El Nino’s Emergence Reduces Hurricane Forecast
The Atlantic hurricane season has gotten off to such a slow start that scientists at Colorado State University, the nation's premier hurricane forecasting team, revised their forecast Tuesday, bringing the number of predicted hurricanes down to four.
The team now expects that 10 named tropical storms will form in the Atlantic basin (which also includes the Caribbean Sea and the Gulf of Mexico), with four predicted to become hurricanes and two expected to develop into major hurricanes, with sustained winds of 111 mph or greater.
"The main reason why we reduced our forecast is that El Nino has come on pretty quickly," says Phil Klotzbach, the lead author of the forecasts. El Nino is a warming of tropical Pacific Ocean water that can affect weather patterns around the globe.
"El Nino events tend to be associated with increased levels of vertical wind shear and decreased levels of Atlantic hurricane activity," says Colorado State's William Gray, who is in his 26th year of forecasting hurricanes. Wind shear weakens or destroys tropical storms before they can form into hurricanes.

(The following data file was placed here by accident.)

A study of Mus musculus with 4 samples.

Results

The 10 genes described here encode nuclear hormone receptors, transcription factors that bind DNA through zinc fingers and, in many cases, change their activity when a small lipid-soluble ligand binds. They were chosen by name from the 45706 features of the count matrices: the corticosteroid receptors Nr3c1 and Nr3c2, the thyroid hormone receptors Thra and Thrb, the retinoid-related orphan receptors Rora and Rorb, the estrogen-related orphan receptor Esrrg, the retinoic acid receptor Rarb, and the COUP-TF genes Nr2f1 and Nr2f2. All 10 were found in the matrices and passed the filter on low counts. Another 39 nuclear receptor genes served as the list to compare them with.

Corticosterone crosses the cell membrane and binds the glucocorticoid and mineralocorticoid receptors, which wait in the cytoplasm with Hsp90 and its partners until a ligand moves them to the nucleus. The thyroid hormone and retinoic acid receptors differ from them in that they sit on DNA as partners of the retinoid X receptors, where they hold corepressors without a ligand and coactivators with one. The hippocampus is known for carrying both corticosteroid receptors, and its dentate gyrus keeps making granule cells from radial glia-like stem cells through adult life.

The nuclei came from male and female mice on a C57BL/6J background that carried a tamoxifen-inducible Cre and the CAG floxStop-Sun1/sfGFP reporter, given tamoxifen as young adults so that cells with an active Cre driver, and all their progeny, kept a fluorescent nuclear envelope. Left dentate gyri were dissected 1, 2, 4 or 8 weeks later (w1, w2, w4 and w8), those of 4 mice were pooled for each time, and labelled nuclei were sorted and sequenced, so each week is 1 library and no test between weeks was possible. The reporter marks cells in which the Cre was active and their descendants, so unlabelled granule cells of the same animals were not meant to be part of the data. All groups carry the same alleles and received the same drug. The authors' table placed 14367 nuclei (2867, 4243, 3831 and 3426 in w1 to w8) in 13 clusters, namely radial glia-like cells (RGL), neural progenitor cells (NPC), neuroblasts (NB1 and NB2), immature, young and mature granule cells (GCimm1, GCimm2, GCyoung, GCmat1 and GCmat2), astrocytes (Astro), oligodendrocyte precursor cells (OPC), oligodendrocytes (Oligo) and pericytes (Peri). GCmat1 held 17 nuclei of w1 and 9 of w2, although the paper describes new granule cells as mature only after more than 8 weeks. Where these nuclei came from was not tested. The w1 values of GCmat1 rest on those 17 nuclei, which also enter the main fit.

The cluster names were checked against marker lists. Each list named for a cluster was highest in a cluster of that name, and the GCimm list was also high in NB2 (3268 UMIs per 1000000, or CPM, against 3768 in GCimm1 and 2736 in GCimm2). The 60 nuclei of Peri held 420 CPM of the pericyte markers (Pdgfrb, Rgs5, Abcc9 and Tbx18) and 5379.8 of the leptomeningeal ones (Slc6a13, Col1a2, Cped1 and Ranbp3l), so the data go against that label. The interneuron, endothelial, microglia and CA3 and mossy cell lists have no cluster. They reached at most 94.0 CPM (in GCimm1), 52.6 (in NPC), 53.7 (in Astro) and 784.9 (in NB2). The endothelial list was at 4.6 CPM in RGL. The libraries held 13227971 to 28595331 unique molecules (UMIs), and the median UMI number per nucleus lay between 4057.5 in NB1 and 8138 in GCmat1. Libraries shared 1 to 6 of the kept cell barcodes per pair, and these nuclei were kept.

The previous forecast, issued in June, predicted that 11 named storms, five hurricanes and two major hurricanes would form. A typical season sees 10 named storms, of which six are hurricanes.
So far this year, no tropical storms or hurricanes have developed in the Atlantic. Only an unnamed tropical depression formed in late May, which stayed off the Eastern Seaboard, according to the National Hurricane Center in Miami.
This calm season so far isn't unusual. Although the "official" start to the Atlantic hurricane season was June 1, the average date of the first hurricane is Aug. 14, reports Dennis Feltgen of the hurricane center. He says that since the naming of storms began in 1953, the latest the first hurricane formed was Anita on Aug. 29, 1977.
So far this year, six named storms have formed in the Pacific, including Hurricane Felicia, which reached hurricane status late Tuesday. Eastern Pacific hurricanes seldom affect the USA.
Colorado State forecasters say the chance of a major Atlantic hurricane making landfall this year along the U.S. coastline is 46%, compared with the 20th-century average of 52%.
"We will certainly see some activity this year," says Klotzbach, noting that tropical Atlantic Ocean sea-surface temperatures have warmed since June.
The National Oceanic and Atmospheric Administration will revise its forecast Thursday.